The Reformation: A Sandwich of Faith, Hope and Love

And now these three remain: faith, hope and love. The greatest of these is love.
— 1 Corinthians 13:13

 

Notice how faith and love sandwich the word hope in 1 Corinthians 13:13? There’s a reason for that. On this 500th anniversary of the Protestant Reformation, let’s pause to appreciate how a stubborn 16th-century monk sprayed hope across the world by unveiling the truth about faith and God’s love. That news sparked the Reformation and continues to transform lives in every corner of Earth today.

Nailed It

Martin Luther (1529) by Lucas Cranach the Elder

Martin Luther (1529) by Lucas Cranach the Elder

On this day 500 years ago, Martin Luther nailed a document to the door of Germany’s Wittenberg Castle church. He questioned the predominant church’s teaching that one could earn salvation by buying “indulgences.” In reality, these indulgences did nothing but fatten church coffers and make poor people poorer.

Luther tried to spark discussion by arguing that God loves His people so much that He designed salvation to occur through faith, not works like buying indulgences. The result of Luther’s “95 Theses” reached far beyond what he dreamed. People translated Luther’s document into several languages and devoured his words in a way not seen before.

The Faith Revolution

Luther’s act sparked the Reformation in Europe. When people learned that God wanted a personal relationship with them, their joy and faith grew. Prior to that, the church taught that only priests could read Scripture or pray directly to God. Thanks to Luther, the truth of the Gospel became available to everyone.

God became accessible. Light shined on the truth. Fear dissipated. Hope for a better future and eternal life spread.

For faith to offer life-transforming hope, it must be based on truth. Faith is no greater, stronger or vibrant than what we believe and in what we place our trust.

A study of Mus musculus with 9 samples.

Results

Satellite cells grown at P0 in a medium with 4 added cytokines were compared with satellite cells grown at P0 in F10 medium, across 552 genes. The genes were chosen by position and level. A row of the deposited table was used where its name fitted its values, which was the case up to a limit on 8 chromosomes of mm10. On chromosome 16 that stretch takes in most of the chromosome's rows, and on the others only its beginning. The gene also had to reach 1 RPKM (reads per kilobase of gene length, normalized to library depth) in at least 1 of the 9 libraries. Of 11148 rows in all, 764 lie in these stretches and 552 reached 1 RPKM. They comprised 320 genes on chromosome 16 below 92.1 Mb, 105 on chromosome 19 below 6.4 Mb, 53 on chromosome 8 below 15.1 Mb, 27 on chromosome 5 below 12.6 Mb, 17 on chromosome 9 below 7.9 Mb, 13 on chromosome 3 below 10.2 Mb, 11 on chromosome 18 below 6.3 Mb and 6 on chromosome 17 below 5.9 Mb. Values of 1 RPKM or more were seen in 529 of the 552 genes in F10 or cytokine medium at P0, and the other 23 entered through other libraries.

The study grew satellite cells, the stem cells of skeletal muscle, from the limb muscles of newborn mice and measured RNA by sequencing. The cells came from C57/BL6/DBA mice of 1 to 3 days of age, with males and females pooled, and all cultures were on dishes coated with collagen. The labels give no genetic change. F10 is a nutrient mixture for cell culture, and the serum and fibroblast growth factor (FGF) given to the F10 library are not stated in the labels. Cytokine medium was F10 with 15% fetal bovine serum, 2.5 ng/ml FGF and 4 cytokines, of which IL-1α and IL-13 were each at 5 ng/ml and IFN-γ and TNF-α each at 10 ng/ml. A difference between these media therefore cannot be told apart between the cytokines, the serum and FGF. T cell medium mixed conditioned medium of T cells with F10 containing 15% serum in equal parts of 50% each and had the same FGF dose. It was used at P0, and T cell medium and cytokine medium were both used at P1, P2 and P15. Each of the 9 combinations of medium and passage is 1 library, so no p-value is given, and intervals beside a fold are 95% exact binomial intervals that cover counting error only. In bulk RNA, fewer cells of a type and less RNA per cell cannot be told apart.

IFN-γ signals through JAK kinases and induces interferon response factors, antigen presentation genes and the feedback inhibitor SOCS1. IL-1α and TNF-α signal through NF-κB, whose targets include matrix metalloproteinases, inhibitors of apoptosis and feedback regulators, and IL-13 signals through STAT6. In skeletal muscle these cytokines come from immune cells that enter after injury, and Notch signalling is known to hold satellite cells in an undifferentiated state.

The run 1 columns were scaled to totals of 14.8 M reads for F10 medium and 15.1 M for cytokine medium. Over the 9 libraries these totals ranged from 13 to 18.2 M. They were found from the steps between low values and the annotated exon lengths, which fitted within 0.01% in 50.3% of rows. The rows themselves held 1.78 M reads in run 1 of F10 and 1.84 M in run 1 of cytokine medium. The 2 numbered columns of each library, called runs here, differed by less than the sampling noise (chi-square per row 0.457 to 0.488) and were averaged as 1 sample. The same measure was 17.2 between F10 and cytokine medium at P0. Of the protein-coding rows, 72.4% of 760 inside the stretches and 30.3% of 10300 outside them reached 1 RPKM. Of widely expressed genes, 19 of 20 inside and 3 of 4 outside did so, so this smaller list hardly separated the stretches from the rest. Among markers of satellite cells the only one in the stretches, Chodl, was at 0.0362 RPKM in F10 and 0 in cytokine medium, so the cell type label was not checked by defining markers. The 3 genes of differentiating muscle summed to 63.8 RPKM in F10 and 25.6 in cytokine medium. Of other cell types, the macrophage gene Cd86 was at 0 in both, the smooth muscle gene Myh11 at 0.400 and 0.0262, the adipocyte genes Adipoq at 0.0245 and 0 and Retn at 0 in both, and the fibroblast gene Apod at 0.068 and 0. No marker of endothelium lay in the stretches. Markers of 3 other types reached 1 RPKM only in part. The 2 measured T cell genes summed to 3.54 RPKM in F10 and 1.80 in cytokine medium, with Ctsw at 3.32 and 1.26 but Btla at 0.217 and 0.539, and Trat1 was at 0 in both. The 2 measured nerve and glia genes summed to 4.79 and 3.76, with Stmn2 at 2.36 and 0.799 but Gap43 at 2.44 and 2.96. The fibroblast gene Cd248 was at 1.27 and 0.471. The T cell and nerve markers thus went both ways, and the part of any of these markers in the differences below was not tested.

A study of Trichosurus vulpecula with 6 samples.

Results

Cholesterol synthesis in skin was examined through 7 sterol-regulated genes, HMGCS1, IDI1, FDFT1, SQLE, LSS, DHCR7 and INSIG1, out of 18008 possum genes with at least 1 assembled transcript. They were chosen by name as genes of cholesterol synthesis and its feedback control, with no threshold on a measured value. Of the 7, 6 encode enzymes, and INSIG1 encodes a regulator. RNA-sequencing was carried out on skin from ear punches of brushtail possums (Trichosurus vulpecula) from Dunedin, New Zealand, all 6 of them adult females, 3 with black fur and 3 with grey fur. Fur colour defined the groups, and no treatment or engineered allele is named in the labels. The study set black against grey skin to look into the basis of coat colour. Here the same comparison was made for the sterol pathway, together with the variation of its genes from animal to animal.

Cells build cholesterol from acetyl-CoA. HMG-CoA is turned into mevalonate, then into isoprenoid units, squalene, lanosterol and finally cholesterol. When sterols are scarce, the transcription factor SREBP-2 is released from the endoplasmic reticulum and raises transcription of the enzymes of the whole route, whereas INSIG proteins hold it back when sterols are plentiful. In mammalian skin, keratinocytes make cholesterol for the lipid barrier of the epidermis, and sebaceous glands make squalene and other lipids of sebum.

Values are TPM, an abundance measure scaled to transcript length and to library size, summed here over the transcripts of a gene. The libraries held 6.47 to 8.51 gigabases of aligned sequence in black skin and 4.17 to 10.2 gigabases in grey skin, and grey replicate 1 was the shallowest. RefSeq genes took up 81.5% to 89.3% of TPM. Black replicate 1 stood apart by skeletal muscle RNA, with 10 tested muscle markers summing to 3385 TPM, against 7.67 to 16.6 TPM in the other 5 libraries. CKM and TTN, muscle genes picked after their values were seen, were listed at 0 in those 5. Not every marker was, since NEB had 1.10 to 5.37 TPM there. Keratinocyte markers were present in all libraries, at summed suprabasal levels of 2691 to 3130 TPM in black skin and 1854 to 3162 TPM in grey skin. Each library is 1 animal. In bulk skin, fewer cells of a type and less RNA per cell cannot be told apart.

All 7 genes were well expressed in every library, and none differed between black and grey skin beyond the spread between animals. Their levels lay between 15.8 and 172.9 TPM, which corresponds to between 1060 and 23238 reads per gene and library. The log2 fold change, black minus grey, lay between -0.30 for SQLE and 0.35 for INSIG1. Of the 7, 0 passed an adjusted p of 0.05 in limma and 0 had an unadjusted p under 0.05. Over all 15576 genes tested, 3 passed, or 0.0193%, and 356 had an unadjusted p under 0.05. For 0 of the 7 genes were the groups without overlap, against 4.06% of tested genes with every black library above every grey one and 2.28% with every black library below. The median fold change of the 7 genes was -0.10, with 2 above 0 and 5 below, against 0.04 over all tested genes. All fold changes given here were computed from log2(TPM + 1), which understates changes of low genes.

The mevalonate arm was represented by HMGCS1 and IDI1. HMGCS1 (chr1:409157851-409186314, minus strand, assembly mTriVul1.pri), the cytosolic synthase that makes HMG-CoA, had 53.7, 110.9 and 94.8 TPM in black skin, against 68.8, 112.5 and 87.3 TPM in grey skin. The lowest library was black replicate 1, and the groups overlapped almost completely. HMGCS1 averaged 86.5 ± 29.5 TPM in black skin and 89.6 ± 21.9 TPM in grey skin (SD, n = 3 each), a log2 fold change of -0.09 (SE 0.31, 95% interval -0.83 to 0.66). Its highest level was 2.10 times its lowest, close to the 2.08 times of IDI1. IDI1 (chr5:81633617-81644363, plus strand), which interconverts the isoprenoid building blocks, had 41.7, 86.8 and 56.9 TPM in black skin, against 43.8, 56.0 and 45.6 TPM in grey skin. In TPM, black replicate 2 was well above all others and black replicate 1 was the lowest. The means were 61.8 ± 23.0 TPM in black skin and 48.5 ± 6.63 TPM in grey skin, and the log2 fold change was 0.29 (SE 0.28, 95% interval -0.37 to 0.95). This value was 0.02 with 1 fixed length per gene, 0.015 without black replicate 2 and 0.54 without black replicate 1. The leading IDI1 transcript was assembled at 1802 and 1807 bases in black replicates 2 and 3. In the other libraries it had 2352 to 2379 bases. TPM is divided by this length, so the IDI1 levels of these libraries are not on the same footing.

The Reformation and Communism

Several years ago, I spoke to the political parties and parliament of Albania. The word hope permeated every conversation. People told me, “We live with hope now. Communism has fallen. We have elections now. Children go to school. Universities are growing.”

Albanians experienced the devastation of looking out only for oneself and putting their faith in the government, institutions or possessions. The fall of Communism legalized religion, freeing people to put their faith in the truth found in Scripture. When that happened, they began to open their hearts to each other, loving God, themselves, their neighbors and even their enemies. People worked together for the good of everyone, not just an elite few.

The fall of Communism taught Albanians that their society could only flourish if they loved each other. That’s a universal truth revealed in Scripture and brought to the common man through the Reformation.

Living Relationally

Food for the Hungry works in communities ravaged by poverty and oppression. People live with despair that lingers and tramples generations. Deep down inside these discouraged people, a tiny flame of hope flickers. They want something better for themselves, their children, their family, their community and their nation.

The Reformation that Martin Luther sparked 500 years ago influences the work of Food for the Hungry today. Our work goes beyond teaching important skills, digging life-giving wells or passing out emergency food. In all we do, we work to instill hope.

I have witnessed the hope that blossoms when people live with a faith guided by truth, not by myths. When people live according to the truth God prepared for them, they have hope that transcends their situation. Hope gives them energy and determination to have a better life.

The Faith, Hope, Love Sandwich

Hope and prosperity emerge in communities when people put their faith in God and love each other.

We know the teachings of the Reformation have changed a community when love motivates people’s work and behavior toward one another. (See an example.) With love, people care for each other and hope for the best for everyone. We can measure the emergence of hope in a community. We see that people:

  • Perceive that the worst is in the past
  • Believe they can recover from critical incidents (disasters, marital issues, death of a loved one, etc.)
  • Feel that they have some level of control over their present
  • Support others in their journey
  • Have a vision and goals for their own future
  • Are planning to reach their goals for the future
  • Have enough self-esteem to believe they can achieve their goals
  • Know they have value in God’s eyes

This kind of hope is sandwiched between faith in God and love for each other. As Martin Luther argued and my friends in Albania proved, societies only thrive within the triad of faith, hope and love.

On this 500th anniversary of the Protestant Reformation, pause to ask yourself, “Am I putting my faith in things, government or institutions? Or am I living a life of faith, hope and love?”

As I have witnessed hundreds of times in my travels throughout the world and in my work at Food for the Hungry, you, your family and society will benefit if your answer to the latter question is a resounding, “Yes.”